A.P.O./Casa de la Cultura Building, Chicago


[A.P.O./Casa de la Cultura Building, Chicago (1892) /Image & Artwork: designslinger]

There once was a time when the city of Chicago was home to the largest Bohemian
population in the U.S. - and we're talking the country/region of Europe not the artist/poet type. The Kingdom of Bohemia first showed-up in the history books as Boihaeum which the Romans wrote about when they invaded the region. Eventually the Čechy peoples were swallowed-up by the Austro-Hungarian empire, and after an unsuccessful revolution in 1848 Czech's started migrating to the U.S., with a majority of them landing in Chicago.


[A.P.O./Casa de la Cultura, 1440 W. 18th Street, Chicago /Image & Artwork: designslinger]

A large community of Czech nationals settled in and around Halsted and Canal Streets, but after the fire in 1871 burned them out, they resettled further south along 18th Street from Halsted west to Ashland Avenue, and the neighborhood came to be called Pilsen - an Anglicized version of Bohemia's third largest city, Plzeň. 18th Street became the heart of an ever growing Czech community, and by 1880 over 170,000 Bohemian immigrants lived within walking distance of the thoroughfare. Many of the former Austro-Hungarian subjects were skilled craftsmen who found work in the industrial and manufacturing plants located nearby along the south branch of the Chicago River. And they not only built homes, shops, and churches, but erected community centers where area residents could hold large meetings, offer indoor athletic activities, and have a Pilsner beer or two.


[Czesky Slavonsky Americky Sokol (C.S.A.S.), 18th Street, Chicago /Image & Artwork: designslinger]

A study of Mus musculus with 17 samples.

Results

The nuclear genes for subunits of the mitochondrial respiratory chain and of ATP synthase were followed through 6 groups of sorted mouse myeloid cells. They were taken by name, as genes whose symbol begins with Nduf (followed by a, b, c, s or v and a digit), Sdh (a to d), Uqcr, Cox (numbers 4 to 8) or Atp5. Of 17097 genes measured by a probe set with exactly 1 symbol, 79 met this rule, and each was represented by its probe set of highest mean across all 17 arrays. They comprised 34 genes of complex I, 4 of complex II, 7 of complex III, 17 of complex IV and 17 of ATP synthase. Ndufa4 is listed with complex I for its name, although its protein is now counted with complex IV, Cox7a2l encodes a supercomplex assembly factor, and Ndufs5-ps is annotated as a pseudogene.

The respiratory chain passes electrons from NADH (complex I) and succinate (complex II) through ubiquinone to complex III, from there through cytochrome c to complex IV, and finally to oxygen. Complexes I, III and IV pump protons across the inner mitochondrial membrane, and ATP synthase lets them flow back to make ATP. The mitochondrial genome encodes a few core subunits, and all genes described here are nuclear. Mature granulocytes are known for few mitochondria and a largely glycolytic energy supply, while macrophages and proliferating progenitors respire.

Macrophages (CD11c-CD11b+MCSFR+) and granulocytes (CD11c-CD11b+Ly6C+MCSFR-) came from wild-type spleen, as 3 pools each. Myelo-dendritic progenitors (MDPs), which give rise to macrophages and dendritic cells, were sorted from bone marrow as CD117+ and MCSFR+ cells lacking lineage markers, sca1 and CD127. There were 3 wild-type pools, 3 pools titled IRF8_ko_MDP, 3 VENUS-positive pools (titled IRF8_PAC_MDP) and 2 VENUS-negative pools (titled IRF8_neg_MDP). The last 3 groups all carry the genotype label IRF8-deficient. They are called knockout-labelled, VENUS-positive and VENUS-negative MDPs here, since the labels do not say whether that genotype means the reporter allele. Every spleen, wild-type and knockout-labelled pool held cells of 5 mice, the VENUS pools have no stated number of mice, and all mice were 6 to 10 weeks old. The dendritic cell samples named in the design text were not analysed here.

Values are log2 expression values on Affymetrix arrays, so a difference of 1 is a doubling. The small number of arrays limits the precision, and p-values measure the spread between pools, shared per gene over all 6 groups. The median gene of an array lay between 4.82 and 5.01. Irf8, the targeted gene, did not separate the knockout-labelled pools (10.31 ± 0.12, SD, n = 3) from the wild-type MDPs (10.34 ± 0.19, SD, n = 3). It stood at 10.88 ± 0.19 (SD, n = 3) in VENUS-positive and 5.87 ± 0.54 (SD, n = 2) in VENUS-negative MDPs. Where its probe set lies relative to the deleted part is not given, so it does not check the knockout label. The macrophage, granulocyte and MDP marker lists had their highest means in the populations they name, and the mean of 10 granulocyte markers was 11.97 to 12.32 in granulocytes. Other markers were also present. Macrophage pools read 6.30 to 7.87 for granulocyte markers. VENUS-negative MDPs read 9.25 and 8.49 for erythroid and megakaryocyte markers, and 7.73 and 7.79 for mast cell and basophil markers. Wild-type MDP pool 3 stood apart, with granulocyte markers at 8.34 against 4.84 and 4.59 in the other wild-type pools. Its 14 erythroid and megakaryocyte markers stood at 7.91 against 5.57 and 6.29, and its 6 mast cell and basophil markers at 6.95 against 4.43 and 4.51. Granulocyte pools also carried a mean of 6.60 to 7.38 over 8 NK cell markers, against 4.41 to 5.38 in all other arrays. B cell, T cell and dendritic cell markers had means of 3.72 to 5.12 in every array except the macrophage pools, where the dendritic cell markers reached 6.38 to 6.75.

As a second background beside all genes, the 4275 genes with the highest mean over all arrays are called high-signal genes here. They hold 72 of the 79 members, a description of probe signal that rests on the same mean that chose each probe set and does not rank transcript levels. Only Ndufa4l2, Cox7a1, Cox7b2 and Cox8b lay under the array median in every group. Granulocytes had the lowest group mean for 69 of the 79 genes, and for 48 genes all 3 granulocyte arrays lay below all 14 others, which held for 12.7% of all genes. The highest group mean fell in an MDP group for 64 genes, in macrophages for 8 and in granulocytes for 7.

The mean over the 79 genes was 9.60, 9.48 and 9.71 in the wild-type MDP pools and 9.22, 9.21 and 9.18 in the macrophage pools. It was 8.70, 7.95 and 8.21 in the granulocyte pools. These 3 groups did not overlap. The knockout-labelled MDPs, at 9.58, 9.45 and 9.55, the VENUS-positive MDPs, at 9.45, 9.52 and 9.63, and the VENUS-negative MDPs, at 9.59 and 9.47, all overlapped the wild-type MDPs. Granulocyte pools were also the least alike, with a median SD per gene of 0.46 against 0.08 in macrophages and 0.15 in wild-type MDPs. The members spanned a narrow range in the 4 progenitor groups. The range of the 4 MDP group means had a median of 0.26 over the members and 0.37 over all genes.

In 1892 two, grand, limestone edifices rose on 18th Street, one built by an individual as a commercial enterprise named Thalia Hall, and the other by the Czesky Slavonsky Americky Sokol (C.S.A.S.). The Sokol movement was started in Bohemia in the early 1860s under the notion that a healthy mind and body creates a stronger individual
. The Sokols were supposed to be apolitical, but if all this brain stimulating physical activity happened to produce a generation of physically and intellectually well-trained men and women who just might question the oppressive authority of the Austro-Hungarian invaders, well so be it. Back in Chicago, the 5-story Sokol on 18th Street included a large 2-story second floor lecture hall - with balcony and stage - which could accommodate up to 2,000 people; a gymnasium; and for good measure, a ground floor saloon. The Bohemian-American Hall provided meeting space for the largest Bohemian women's organization in the world the Jednota Ceskych Dam, as well as the Svobodna obec Chicagu, or Congregation of Bohemian Freethinkers of Chicago, a very politically active secular organization that attracted a large working class following in their fight against what they considered the oppression of the Roman Catholic church. After the Second World War drew to a close, first, second and third generation Bohemian-Czech's began to make way for a new wave of immigration into Pilsen - from Mexico.


[Asociacion Pro-Derechos Obreros (A.P.O) - Casa de la Cultura Carlos Cortez/Taller Mestizarte, Chicago /Image & Artwork: designslinger]

In 1950 the majority of Pilsen's population was still firmly rooted in Bohemia. By 1970
over half of the residents were of Mexican descent, and by 1980, 97% of the population was Hispanic. Although the letters C.S.A.S were still carved into the stone arch above the central doorway of the former Sokol, the building became the home of Templo Smyrna. In 1982, after sitting vacant for 7 years, the labor rights organization Asociacion Pro-Derechos Obreros (A.P.O.) purchased the decaying structure for $25,000 with plans to return the building to viability as an arts center. Today the grand limestone structure houses Casa de la Cultura Carlos Cortez Taller/Mestizarte in Pilsen's expanding, and some might say, Bohemian art community.

See more of 18th Street at: Thalia Hall.